Farmer’s Grove, Treasure Trove

I’ve always been fascinated by the stuff farmers keep in their groves. Not that I’ve spent a lot of times in groves — we had a fort in ours on the family farm when I was growing up, while my Kandiyohi County cousins created a masterpiece that was the envy of all of us kids.

Their grove didn’t have just one fort, but rather consisted of a maze of rooms — probably half a dozen or so. One summer, when I spent a couple of weeks at Grandma’s house, my cousins and I would spend hours playing make-believe house and racing from “room” to “room.” We mixed up mud pies in old pie tins in our make-believe kitchen, and just had a wonderful time.

Our fort here at home was never quite so fancy. I think it was because our “new grove” was established in straight rows, not like the old groves that had no order about them. The old groves had character.

Of course, we always had plenty of supplies for our fort — the hand-crank corn sheller was used to supply just enough corn kernels to pour into a cracked bowl and put on the table (a discarded metal TV tray or one of those wooden cable reels). We had a stove (tossed out from the old farm house), pots and pans with broken handles and a smattering of no-longer-appreciated utensils. As a last resort, sticks were used to mimic wooden spoons, and leaves (especially in the fall) could be whipped into any kind of Minnesota hotdish our young minds imagined.

These days, it is the next generation that has taken over the fort-building in our grove. Over the weekend, I was out there admiring their handiwork.

Over the last year or two, Grandpa and the grandkids have transformed an old A-frame hog hut into a rather respectable dwelling. Old headlamps were nailed by the front door to serve as imaginary outdoor lights (imaginary only because they have not gone so far as to install electrical wires out there!) The roof has a collection of shiny metal hubcaps recycled from Grandpa’s junk collection, no doubt. There are chairs without seats, pans without handles and a mailbox post without a mailbox.

I have yet to figure out why my old hairdryer is secured just above the entrance — maybe it’s supposed to be the doorbell, or a weapon to scare off intruders, I have no idea! I was kind of disappointed that my little niece didn’t invite me in for tea on Sunday afternoon, but we had such a busy day driving over gopher mounds, walking to the turtle pond and visiting the baby chicks in the barn.

In between, my older nephew, niece and I explored the farm yard for eclectic items (Grandpa’s junk) that could become recycled treasures. Matt ended up claiming an old sign, and arrangements were made for Kaitlin to save a pair of old barn doors from the burn pile.

Just before the sun set, Katie, Zach and I had made our way to the far reaches of the grove and the shell of a car that’s been resting there since before my folks bought the farm in the mid-1960s. It was our last exploration of the day. That treasure is way too big for any of us kids to claim, besides, it’s got a rather nice resting place where it is — in the farmer’s grove.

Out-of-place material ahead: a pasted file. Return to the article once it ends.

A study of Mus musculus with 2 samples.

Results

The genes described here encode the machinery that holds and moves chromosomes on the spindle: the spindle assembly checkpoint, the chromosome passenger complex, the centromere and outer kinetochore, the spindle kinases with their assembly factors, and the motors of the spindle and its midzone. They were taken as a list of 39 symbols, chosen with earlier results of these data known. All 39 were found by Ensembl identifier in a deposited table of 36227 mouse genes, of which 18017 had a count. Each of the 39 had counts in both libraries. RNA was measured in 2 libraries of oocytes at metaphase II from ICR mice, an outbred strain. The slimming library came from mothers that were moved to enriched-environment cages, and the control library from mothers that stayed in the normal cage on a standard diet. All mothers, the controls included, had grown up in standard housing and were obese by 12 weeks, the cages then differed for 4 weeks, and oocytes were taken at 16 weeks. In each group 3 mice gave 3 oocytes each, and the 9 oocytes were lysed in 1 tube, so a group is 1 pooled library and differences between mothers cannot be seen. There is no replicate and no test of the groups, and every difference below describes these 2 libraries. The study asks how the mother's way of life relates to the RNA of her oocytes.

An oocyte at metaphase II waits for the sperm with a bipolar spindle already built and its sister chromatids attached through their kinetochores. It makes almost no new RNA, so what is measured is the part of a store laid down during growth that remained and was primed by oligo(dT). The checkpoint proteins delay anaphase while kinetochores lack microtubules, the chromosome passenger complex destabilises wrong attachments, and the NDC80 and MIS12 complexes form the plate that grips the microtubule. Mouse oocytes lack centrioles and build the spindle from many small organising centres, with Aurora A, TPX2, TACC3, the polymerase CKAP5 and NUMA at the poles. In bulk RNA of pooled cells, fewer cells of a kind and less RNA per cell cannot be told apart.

6 Responses

  1. Michelle Marotzke

    Too cute, Julie! When I bought my farmplace by Hancock, I was rather surprised to see what looked like a hobo hut in my grove. Of course, I bought the place in August and it was the following spring that I even noticed anything out there. It was an old milk truck filled to the brim with everything from shoes to pots and pans. I never let Tyler play out there (a setback of being an only child I suppose), but I’m sure if it had been my sister and I growing up there, we certainly would have found treasures and exciting things back in that grove!

    1. Julie Buntjer

      Thanks for reading, Michelle. Groves always seemed to be the place to hide every piece of broken machinery and general junk. I bet that old truck is filled with some interesting “treasures.”

  2. Dona Ellerbroek

    I loved this Julie! Brought me right back to my childhood. Amazes me how your writing can take me there – a gift! Actually I just did the “grove” trip two weekends ago and found “treasures” with my grandson! Memories for a lifetime!

    1. Julie Buntjer

      Thanks for the kind words Dona. If you happened to find any old chicken wire in your grove, I have a niece who is looking. We were unsuccessful in our search through the Buntjer farm’s grove! =)

  3. Reading this post brought back many wonderful memories of growing up on a dairy and crop farm near Vesta in Redwood County. My siblings and I, too, played for hours in the grove, in our forts, winding along the hard-packed dirt paths through the tangle of trees. We utilized our imaginations and whatever resources were available to pretend.

    The old grove on the home place, the old house where I grew up, so much is gone. But the memories will always be there. Thank you for sharing yours, which are so similar to mine.

    1. Julie Buntjer

      Thanks for reading. What a wonderful experience it was to grow up on a farm, and thank goodness we have our memories!